A little story inspired by a summer night in a house by the sea
The ocean wind came rushing into the house through the open windows as night fell. It set the doors rattling in their frames, and the blinds tapping like guy ropes against a mast, till it felt like the whole building was a ship at sea, rising and falling with the waves.
I was falling through the surface shoals of sleep at the same time. The wind brought the smell of salt water and beaches to my nose; the sound of crashing waves and restless surf to my ears — till I dreamt that I was at sea.
Somewhere in the depths of the house the wind rang a bell and we were off. Curtain sails unfurled from the windows; anchors reeled themselves into the airing cupboards; salt spray spattered on the stained glass panes over the front door. I felt the plunge and surge of the ocean under my mattress and shouted orders to my unseen crew.
Set sail, set sail!
But where are we bound Captain? — why, wherever the sea wind had been.
I imagined that the wind blew over beaches where children played, running shrieking from the incoming surf. I imagined that it howled past the sea stacks and the white rocks where the gannets and the puffins make their nests. I imagined that it thrummed the rigging of deep sea trawlers, blew salt against the girders of oil rigs, whipped snow across the backs of breaching whales. Every place that my mind touched, the ship sailed.
At the shore, the house ran through breakers thick with swimmers, sweeping aside colourful floats and inflatable animals. Bobbing athletes, their hair crammed into bathing caps and their bodies into blue striped suits, dove past our hull like penguins.
At the seagull rocks, the house sped hissing through spray showers and white water, while raucous flocks of guillemots and common gulls wheeled above the mast tops. In twos and threes, then all at once together, they plunged like daggers into our foamy wake, only to emerge moments later with beaks full of fish.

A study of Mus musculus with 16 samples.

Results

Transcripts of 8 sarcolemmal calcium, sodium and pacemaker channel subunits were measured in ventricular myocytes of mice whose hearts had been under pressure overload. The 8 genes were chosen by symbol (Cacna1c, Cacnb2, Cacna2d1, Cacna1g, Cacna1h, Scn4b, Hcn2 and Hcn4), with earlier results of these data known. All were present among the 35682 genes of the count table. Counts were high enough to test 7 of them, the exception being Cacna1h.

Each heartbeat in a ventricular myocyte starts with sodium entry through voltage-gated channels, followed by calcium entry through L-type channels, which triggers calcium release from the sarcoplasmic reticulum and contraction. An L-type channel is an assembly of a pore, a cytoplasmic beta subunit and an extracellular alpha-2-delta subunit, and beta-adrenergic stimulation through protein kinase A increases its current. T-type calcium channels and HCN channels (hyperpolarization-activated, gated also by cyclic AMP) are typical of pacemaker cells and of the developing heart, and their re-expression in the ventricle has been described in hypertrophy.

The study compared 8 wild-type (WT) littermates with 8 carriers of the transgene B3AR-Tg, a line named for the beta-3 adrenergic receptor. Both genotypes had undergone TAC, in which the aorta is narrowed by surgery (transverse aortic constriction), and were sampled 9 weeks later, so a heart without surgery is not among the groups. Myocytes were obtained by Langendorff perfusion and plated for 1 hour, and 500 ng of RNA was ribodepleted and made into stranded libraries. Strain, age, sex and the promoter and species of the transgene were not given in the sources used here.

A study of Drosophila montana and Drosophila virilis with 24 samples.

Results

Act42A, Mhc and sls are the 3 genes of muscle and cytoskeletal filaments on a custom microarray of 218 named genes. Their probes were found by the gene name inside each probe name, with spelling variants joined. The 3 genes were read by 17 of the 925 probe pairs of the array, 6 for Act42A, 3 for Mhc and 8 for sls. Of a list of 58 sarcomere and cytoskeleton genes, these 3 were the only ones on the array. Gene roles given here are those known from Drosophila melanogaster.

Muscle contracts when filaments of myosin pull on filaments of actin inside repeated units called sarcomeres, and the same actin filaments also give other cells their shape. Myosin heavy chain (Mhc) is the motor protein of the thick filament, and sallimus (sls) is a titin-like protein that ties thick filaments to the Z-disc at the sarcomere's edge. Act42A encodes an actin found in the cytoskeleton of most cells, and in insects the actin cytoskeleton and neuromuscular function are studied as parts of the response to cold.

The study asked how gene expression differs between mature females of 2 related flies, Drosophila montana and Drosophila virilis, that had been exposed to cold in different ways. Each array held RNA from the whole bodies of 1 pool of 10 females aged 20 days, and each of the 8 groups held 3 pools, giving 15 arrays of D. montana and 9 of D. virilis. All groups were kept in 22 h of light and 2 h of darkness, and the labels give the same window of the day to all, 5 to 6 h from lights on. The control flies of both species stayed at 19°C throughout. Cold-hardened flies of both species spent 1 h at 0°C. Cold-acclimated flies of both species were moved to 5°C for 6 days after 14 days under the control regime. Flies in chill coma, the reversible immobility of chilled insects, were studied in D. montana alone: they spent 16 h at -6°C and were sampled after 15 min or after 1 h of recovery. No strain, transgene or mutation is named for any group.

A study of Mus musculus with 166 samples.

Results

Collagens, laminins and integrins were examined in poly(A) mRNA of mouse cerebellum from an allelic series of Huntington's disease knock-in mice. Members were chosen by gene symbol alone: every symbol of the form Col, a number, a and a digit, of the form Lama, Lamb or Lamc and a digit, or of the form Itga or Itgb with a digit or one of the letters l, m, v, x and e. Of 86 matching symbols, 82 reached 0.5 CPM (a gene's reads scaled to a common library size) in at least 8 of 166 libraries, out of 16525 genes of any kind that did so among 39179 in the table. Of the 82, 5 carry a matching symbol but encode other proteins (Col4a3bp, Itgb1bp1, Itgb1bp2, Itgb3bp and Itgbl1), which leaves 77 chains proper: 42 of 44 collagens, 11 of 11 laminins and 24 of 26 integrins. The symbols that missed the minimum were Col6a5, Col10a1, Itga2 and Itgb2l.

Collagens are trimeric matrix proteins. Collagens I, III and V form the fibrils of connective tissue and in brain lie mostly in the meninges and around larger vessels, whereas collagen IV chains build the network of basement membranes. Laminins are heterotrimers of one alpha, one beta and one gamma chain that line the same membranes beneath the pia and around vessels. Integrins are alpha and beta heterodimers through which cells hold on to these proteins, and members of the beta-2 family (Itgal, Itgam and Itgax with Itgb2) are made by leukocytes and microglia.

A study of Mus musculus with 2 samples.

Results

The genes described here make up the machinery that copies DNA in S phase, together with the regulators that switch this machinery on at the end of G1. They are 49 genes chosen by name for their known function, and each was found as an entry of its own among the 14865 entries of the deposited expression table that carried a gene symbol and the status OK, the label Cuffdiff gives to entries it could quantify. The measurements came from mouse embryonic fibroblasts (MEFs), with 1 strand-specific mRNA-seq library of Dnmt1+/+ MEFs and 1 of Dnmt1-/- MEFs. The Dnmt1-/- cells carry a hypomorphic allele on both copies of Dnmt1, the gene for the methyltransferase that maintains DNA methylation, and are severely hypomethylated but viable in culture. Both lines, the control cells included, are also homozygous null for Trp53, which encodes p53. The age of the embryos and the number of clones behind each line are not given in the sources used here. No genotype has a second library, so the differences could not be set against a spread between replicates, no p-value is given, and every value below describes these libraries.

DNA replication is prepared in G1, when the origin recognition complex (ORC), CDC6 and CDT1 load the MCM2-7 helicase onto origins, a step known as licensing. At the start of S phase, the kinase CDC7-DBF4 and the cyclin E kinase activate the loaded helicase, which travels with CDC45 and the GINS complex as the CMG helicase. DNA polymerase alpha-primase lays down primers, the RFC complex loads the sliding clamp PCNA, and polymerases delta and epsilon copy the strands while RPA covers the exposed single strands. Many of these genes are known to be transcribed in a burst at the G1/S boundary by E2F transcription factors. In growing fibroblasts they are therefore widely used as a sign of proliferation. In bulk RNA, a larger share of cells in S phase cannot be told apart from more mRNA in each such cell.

In the open ocean, the house surged with the great waves, riding up hill and down again under racing skies. Storms grabbed it, drove it faster and higher, threw it through curtains of cold water, cast it into the troughs of big waves, sent it scudding through the sky with moonlight under its keel. Faster! Higher! Till I thought the whole thing would come apart and leave roaring through the night with only scraps of quilt and comforters to shield me from the wind.
But then, all at once, the wind receded. The ocean blast passed on, and the house fell silent. The bell ceased to ring, the curtains stopped their flapping, and the old timbers came back to rest in their accustomed positions. Even the crew retreated back into their shelves and paperbacks.
The house ceased to be a ship; but I went on, sailing into deeper realms of sleep with the sea wind at my back.
This little story was written last summer, in a wind-blown cottage overlooking the Atlantic coast of Jersey (the island, not the state). I considered it for inclusion in the short story collection I was writing at the time, but in the end I decided not to include it, so here it is.
Where’s the shameless self-promotion for the book? I’m glad you asked. It’s here.